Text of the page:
New addiction medicine consult service improved hospital staff perceptions of care

The consult service provided management of withdrawal, medications such as methadone and buprenorphine, counseling and behavioral treatment, peer engagement and support, and linkages to community-based addiction care.


Implementation of an addiction medicine consultation service improved hospital staff members' perceptions of hospital care for patients with substance use disorder (SUD), a recent qualitative study found.

Between February and July 2016, researchers at one hospital in Portland, Ore., interviewed staff after implementation of an Improving Addiction Care Team (IMPACT), which included an interprofessional hospital-based addiction medicine service with rapid-access pathways to postdischarge treatment for SUD. IMPACT involves SUD assessments, management of withdrawal, medications such as methadone and buprenorphine, counseling and behavioral SUD treatment, peer engagement and support, and linkages to community-based addiction care.

Researchers interviewed a total of 34 hospital staff members (including physicians, nurses, social workers, residents, patient advocates, case managers, and pharmacists) who had experience caring for patients with SUD as well as exposure to IMPACT. Results were published online on April 25 by the Journal of Hospital Medicine.

Before IMPACT, staff members reported that hospital care ignored or avoided addressing addiction, and clinicians reported limited expertise and scarce treatment options. One attending said, “I would ask those questions [about SUD] before, but then … I had the information, but I couldn't do anything with it.” Failure to address addiction adversely affected patient care and clinician experience, as it led to untreated withdrawal, disruptive behaviors, and patients leaving against medical advice, respondents said.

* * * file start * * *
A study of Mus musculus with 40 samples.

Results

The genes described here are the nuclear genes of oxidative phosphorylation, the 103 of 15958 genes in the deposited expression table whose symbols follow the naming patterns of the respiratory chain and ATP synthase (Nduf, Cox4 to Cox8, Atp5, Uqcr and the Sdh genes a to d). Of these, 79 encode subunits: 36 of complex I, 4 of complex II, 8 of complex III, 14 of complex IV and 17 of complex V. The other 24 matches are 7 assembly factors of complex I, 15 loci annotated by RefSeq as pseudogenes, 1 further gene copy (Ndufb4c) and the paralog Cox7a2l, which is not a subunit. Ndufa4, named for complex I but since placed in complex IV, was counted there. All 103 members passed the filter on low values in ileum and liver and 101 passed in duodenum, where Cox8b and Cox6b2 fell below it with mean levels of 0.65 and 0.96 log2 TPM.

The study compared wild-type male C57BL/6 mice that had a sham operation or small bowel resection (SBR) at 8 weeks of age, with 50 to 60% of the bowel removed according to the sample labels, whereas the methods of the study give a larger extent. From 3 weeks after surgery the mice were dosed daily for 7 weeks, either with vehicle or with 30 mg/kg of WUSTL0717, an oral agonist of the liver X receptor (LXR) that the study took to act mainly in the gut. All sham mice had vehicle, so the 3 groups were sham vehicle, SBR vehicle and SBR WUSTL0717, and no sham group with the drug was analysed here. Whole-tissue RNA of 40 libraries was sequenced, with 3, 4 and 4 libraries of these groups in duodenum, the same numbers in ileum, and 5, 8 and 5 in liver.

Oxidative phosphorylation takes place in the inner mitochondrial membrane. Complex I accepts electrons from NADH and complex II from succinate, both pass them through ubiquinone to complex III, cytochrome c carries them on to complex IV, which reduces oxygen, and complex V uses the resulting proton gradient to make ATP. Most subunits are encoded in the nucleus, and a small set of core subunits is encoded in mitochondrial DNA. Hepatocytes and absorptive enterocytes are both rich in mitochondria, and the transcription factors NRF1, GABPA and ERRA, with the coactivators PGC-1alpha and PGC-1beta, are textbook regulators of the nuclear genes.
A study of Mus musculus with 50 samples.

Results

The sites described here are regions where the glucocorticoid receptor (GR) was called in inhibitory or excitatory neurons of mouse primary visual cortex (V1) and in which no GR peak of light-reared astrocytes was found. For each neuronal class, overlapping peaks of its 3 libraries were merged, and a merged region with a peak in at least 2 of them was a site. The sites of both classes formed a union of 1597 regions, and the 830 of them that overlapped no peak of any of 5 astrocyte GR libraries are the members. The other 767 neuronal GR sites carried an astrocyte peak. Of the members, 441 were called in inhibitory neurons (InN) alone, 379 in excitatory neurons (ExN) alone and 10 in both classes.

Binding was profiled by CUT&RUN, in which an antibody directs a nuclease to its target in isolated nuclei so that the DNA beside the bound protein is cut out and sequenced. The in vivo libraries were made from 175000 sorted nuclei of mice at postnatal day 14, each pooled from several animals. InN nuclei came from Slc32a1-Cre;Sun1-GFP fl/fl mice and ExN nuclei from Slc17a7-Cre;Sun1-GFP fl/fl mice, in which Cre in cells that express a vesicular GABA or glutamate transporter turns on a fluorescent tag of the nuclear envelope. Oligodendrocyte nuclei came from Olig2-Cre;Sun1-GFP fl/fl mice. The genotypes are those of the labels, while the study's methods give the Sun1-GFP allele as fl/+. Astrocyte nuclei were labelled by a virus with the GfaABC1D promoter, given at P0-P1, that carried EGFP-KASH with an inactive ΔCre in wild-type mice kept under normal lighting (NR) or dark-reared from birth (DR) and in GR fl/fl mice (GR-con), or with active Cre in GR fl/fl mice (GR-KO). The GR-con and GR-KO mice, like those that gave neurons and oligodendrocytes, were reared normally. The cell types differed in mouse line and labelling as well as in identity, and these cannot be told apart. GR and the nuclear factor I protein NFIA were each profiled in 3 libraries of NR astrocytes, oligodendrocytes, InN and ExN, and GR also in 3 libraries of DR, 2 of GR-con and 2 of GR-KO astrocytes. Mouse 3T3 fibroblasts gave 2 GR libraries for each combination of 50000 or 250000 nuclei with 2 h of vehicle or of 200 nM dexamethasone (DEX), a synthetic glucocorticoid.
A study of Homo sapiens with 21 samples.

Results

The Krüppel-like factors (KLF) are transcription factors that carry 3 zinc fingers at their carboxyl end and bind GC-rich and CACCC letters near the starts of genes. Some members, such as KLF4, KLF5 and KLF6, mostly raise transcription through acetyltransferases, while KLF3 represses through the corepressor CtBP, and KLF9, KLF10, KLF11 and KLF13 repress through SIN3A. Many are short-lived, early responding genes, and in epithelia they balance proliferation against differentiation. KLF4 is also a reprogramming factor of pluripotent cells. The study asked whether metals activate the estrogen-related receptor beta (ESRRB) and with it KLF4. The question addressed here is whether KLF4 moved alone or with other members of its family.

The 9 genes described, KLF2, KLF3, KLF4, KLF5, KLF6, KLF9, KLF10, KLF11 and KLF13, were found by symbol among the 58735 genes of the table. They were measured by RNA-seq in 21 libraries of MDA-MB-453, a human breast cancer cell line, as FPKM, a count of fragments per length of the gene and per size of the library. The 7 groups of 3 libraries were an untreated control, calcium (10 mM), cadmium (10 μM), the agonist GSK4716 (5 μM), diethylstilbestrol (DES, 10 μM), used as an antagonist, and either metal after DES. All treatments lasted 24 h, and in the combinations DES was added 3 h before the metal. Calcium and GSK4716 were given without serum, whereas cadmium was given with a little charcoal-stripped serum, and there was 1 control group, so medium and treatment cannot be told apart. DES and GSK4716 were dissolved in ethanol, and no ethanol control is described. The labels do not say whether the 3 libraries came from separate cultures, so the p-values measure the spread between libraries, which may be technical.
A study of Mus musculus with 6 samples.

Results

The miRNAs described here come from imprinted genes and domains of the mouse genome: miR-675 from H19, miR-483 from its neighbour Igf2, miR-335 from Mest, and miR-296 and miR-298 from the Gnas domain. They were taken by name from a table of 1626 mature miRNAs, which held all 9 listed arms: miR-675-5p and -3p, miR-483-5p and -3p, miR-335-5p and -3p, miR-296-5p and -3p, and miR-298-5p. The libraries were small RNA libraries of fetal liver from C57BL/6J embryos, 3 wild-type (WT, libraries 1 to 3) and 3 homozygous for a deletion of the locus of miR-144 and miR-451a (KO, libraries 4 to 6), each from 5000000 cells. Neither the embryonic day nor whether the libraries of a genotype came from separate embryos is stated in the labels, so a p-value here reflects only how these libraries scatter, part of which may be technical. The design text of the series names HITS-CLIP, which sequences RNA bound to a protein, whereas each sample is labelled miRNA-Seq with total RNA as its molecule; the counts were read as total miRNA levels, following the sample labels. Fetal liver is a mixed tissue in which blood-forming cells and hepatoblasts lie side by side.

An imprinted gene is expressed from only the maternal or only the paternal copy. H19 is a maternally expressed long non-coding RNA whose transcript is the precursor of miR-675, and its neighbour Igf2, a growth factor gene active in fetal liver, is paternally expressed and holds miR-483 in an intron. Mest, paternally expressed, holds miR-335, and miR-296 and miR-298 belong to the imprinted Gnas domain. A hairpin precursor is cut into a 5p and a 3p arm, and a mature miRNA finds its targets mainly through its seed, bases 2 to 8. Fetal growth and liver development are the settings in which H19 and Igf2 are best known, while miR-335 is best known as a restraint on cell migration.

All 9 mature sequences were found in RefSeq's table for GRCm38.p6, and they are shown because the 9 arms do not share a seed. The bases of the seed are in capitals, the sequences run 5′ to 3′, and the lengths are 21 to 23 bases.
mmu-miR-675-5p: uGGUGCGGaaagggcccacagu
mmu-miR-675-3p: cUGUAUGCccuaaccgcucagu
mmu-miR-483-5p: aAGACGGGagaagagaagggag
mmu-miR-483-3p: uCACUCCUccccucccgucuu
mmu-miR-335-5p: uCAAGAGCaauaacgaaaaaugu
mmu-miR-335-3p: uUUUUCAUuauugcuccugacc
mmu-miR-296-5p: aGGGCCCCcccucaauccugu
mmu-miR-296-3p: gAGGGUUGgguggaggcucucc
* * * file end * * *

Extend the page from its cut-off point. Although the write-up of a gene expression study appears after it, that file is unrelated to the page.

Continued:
After implementation of IMPACT, hospital staff reported that having hospital-based systems to address SUD reframed addiction as “a medical condition that actually has a treatment,” not a moral failing. The new system improved patient engagement and humanized care by treating withdrawal and directly communicating about SUD, they said. One attending emphasized the importance of using medications to treat hospitalized patients with addiction, stating that “Starting them on [methadone or buprenorphine-naloxone] and then making the next step in the outpatient world happen has been huge. That transition is so critical … that's been probably the biggest impact.”

Despite the success of IMPACT, survey respondents noted several key limitations, including that hospital-based interventions do not address poverty and have limited ability to address socioeconomic factors. They also noted that IMPACT had limited ability to ease the boredom and isolation patients feel during prolonged hospitalization.

The authors also noted limitations of the study, such as its single-center design and the possibility that staff perspectives on care before IMPACT were influenced by the intervention. Despite its limitations, the study has important implications, they said.

“For clinical practice, our findings highlight the importance of treating withdrawal to address challenging patient behaviors and the value of integrating [medications for addiction] into the hospital setting. … By implementing SUD improvements, hospitals can support staff and reduce burnout, better engage patients, improve care, and reduce stigma from this devastating disease,” the authors wrote.